Evidence of what Lord Justice Leveson termed our moronic media’s “powerful reputation for accuracy” was on display for all to see—and have a good laugh at—in The Independent on Sunday this weekend. The front-page headline read: “Brexit: We’d Have No Say On The Terms—EU rules insist other member states would dictate UK’s new deal after 2017, campaigners warn”. Perhaps some generous benefactor would like to provide the typewriter wielding monkeys who mashed together this slur of syllables with a dictionary so that they might ask an adult to look up and read to them the definition of the word “negotiation”—for this is what would follow Britain’s submission of an Article 50 notification to the President of the European Council.
According to that fount of all wisdom and knowledge on the Web, Wikipedia, “[n]egotiation is a dialogue between two or more people or parties intended to reach a mutually beneficial outcome, resolve points of difference, to gain advantage for an individual or collective, or to craft outcomes to satisfy various interests”. Clear? Negotiation is “a dialogue between two or more people or parties”. In other words, neither side can nor will “dictate” terms to the other. Certainly, there will be compromises. That is to be expected. But the aim of such a negotiation would be to arrive at a “mutually beneficial outcome” on which both parties can agree. Simple, right?
The Boiling Frog was quick off the mark, doing the hard work of providing a detailed refutation of the Independent‘s abject misrepresentation of the facts before the day was out. I would highly recommend also reading his detailed description of the Article 50 withdrawal process, as it is defined in the Treaty of Lisbon and in accordance with international law. It is difficult to imagine how anyone with the reading comprehension of an eight-year-old could fail to understand that the text for Article 50(4) (above) simply says that the withdrawing Member State shall not be allowed to sit on both sides of the table during negotiations to agree a suitable exit settlement. Embarrassingly Lib Dem leader, Tim Farron, who still has not responded to my challenges to his false assertions regarding Britain’s EU membership, is quoted in the piece, supporting the illiterate Independent view. Whoops!
Turning our attention to the way in which one-time broadsheets—The Guardian, nominally on “the left”, and The Telegraph, nominally on “the right”—consistently refer to the EU referendum campaign as an “In/Out” contest, one could be excused for wondering if there is not a more sinister game afoot. Is it more realistic to imagine that a policy decision taken at editorial—or maybe even board level—to deliberately distort issues that are otherwise perfectly clear could explain the legacy media tendency to mislead or would the fact that the overwhelming majority of the reporters, leader writers and political commentators who write for these august journals are so lazy, ineffectual and incompetent that they have not yet grasped that the referendum will be fought between people and groups which advocate that Britain either “leave” or “remain” in the EU offer a satisfactory explanation of the persistent legacy media misrepresentation of even the most basic starting point for debate? Neither possibility is particularly salutary while both provide a compelling reason to begin to disengage from these incurious fools who presume to tell us how and what to think.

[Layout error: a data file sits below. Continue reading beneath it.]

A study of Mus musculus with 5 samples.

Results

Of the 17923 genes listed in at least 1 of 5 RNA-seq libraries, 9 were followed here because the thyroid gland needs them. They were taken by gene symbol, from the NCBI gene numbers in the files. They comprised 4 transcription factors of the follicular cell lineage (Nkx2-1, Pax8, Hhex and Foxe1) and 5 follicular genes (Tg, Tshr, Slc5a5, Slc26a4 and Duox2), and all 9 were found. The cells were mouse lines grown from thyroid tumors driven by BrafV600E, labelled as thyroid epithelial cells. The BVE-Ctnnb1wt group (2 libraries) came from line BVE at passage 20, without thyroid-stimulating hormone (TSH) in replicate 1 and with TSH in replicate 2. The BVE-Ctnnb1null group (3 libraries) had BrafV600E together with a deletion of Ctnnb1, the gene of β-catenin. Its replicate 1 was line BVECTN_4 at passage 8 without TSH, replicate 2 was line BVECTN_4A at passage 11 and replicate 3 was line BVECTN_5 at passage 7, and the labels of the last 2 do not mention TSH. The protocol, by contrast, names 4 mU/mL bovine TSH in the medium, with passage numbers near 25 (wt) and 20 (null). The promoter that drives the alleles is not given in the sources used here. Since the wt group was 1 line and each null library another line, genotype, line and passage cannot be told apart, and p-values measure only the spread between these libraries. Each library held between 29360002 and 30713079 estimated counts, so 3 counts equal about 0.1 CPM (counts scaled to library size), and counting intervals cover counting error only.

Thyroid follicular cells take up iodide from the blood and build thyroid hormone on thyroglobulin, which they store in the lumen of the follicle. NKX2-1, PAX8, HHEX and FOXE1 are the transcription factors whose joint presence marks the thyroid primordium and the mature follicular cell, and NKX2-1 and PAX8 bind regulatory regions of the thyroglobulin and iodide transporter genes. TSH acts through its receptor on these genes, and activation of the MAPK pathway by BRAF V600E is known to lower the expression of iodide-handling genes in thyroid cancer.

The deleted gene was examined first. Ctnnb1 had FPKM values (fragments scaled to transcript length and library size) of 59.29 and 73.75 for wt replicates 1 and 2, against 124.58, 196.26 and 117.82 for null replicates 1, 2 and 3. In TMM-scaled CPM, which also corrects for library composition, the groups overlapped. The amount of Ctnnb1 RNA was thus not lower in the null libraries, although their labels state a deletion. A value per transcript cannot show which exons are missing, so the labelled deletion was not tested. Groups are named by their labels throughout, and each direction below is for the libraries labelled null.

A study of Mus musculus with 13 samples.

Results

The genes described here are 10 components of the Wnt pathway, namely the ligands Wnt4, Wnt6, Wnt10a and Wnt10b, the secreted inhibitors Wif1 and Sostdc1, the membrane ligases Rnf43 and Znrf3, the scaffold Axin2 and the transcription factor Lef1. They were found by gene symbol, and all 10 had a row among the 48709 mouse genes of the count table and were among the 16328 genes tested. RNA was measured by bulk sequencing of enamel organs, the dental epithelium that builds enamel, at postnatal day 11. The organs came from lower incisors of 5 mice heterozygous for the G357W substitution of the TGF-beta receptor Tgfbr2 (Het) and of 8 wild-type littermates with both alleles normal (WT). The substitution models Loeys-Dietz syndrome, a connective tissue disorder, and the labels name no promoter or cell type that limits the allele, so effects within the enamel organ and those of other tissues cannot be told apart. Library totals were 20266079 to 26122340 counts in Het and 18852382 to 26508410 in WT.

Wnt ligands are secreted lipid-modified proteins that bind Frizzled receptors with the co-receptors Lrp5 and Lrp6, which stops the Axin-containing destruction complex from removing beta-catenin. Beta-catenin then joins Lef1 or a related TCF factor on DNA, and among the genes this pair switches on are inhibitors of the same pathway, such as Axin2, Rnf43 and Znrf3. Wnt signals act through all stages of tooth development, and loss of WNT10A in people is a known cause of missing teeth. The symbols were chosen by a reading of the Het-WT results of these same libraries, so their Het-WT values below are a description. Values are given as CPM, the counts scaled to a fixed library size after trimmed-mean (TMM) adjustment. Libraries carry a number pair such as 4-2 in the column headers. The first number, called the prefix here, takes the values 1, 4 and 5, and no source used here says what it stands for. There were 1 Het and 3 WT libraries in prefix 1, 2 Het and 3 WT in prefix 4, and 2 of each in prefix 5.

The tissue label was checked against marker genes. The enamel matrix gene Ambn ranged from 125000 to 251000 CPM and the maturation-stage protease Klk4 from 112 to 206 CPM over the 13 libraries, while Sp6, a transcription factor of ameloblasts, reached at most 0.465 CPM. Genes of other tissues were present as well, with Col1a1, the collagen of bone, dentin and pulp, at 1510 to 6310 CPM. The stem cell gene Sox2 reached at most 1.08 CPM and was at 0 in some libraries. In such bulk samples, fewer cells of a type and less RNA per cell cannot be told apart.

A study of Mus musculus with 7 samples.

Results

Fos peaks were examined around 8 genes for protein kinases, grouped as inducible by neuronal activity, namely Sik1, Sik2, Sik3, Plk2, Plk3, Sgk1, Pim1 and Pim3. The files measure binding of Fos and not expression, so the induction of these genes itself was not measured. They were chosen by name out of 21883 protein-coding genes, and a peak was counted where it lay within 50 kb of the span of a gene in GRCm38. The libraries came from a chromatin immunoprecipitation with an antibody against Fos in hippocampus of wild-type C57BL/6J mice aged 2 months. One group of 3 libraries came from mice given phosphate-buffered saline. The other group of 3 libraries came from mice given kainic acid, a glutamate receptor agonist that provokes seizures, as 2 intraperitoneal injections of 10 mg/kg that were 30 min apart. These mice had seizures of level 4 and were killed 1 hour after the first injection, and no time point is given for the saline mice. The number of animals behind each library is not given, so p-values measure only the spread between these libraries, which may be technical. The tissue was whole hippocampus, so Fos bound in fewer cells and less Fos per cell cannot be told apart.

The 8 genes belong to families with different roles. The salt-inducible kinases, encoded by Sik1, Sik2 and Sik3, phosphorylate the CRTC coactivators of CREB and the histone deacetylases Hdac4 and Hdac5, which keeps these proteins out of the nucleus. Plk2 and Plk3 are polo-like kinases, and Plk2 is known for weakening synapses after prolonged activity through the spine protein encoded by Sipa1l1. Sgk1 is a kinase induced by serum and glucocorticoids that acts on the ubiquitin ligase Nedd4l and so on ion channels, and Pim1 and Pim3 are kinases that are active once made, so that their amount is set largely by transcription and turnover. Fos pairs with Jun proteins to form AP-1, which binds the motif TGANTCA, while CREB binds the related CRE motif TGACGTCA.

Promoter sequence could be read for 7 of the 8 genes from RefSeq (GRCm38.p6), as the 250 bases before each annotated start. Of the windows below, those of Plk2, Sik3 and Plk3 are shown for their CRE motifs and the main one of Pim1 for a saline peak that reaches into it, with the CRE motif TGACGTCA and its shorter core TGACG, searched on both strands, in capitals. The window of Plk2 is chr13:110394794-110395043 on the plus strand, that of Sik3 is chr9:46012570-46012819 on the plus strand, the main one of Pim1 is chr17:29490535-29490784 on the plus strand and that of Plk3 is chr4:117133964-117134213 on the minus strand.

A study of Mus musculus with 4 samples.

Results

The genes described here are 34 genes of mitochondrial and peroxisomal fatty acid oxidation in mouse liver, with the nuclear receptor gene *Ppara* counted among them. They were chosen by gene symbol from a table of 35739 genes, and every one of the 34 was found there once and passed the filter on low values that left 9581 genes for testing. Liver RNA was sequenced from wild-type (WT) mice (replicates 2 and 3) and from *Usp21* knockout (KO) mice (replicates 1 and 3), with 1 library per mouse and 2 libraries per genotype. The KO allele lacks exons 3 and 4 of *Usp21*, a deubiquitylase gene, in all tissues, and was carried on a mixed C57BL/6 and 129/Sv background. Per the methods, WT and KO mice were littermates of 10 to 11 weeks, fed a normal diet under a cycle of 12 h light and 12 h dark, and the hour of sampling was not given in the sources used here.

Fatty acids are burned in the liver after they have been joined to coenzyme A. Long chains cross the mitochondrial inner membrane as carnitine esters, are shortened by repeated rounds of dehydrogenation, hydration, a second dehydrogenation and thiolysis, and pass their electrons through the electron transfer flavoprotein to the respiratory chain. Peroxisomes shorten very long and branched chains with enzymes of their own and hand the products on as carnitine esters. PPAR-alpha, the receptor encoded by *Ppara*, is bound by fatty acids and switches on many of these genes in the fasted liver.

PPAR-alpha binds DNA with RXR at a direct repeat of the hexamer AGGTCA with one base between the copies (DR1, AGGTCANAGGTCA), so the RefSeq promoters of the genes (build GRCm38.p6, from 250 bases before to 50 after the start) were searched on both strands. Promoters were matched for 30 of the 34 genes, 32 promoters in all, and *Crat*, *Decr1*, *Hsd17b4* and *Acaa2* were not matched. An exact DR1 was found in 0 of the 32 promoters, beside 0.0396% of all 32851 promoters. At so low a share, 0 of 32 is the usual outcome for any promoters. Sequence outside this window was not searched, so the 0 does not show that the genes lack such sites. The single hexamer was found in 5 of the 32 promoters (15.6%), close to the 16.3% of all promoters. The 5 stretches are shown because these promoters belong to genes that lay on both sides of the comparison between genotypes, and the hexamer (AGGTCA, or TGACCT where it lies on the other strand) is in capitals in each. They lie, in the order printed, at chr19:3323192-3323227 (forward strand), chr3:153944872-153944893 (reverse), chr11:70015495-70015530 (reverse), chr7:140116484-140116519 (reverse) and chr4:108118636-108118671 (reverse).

There are parallels between the “In/Out” idiocy and the policy of referring to the EU as “Europe”. Controlling language is a means of controlling thought, as George Orwell describes in Politics and The English Language. If the electorate associates leaving the supranational treaty organisation known as the European Union (EU) with “leaving” the geographical continent or broad civilisational dispensation associated with the word “Europe” then the proposition is instantly rendered laughable, silly, kookish. There is no need to actively argue a case because the “framing” privileges one perspective and disprivileges another.
The misleading designations, “In” and “Out”, which appear as a matter of routine in several national daily newspapers, should be a cause for serious concern among campaign groups on both sides of the debate. In their invaluable history of Britain’s only previous plebiscitary vote on the issue of our membership of the organisation that became the European Union, The 1975 Referendum, co-authors David Butler and Uwe Kitzinger explain:
… most pollsters believed that although phrasing could make a great difference in a hypothetical situation, at the end of a fully publicised campaign where the issue was clear the actual question wording would matter little.
In short, if we do not make the issue clear then the risk of an illegitimate referendum result increases. It is therefore the responsibility (née obligation) of everybody involved in the referendum campaigns to establish that we are making a choice to determine whether we wish for Britain to “remain” in or “leave” the European Union. To that end, all rhetoric aside, the media also has a serious role which is not presently being fulfilled. The propositions on the ballot paper are “leave” and “remain” and, according to the Code of Practice issued and enforced by the Independent Press Standards Organisation (IPSO), the press “must take care not to publish inaccurate, misleading or distorted information” and “whilst free to be partisan, must distinguish clearly between comment, conjecture and fact”.
This loose use of language is highly corrosive, and not being a nuisance and making a fuss about it now is what allows newspapers the license to print full-blown distortions on their front page.